To analyze partnerships between the built environment and local governments as they relate to marginalized communities, and provide solutions to dismantling systemic inequities.
Decipher City began as an app project project for a Hack for Change event in Austin, Texas. (https://deciphercity.com/app) The goal was to develop an app that could be used to report the qualitative experiences of citizens and visitors at different commercial locations across town. We began this project for three reasons:
1. There is both a need for safe space resources for marginalized people and a need to collect data (anonymized, protected data) on the experience of marginalized people in cities;
2. There is a larger need to understand racial, ethnic, and gender identity formation in cities from a more complex perspective than standard research methodology and existing data sets, such as the Census, currently permits. The racial boxes we’ve created to track ethnic experiences are inadequate for the true range of diversity in our society.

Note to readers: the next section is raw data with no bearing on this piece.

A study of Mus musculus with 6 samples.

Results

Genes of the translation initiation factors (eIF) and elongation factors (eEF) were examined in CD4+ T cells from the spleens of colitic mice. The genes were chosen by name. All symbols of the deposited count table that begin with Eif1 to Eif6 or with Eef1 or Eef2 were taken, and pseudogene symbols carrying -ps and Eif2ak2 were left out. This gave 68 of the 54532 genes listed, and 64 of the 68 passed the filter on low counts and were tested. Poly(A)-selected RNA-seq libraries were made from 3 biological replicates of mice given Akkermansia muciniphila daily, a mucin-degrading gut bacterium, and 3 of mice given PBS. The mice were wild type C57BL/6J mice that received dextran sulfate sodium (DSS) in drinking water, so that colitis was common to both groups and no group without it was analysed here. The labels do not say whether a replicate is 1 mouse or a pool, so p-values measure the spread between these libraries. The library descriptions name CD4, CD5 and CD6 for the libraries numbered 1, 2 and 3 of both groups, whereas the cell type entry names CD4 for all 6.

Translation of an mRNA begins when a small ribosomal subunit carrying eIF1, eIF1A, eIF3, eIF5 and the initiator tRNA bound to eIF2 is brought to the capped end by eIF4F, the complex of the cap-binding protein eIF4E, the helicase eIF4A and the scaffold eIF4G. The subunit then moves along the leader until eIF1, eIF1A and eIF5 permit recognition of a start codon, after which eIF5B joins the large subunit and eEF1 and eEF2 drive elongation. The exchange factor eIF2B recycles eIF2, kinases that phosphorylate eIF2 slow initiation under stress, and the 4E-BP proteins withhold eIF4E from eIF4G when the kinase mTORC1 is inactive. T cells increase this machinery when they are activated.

3. Our cities are in dire need of better methods and processes of public participation and public notice. Our citizens need better tools, better education about their right to support or protest city measures, and more accountability and transparency from their leadership.
Our initial crew of four people (a developer, a web designer/architect, a city planner and a geographer) was inspired by the level of enthusiasm and engagement our project initially generated. We decided to expand the scope of our project beyond the app and to provide a platform for continued engagement about issues of race and equity in urban planning.
We are always seeking new contributors to add to the conversation. If you are interesting in writing a guest post or becoming a regular contributor, reach out to us at email@example.com.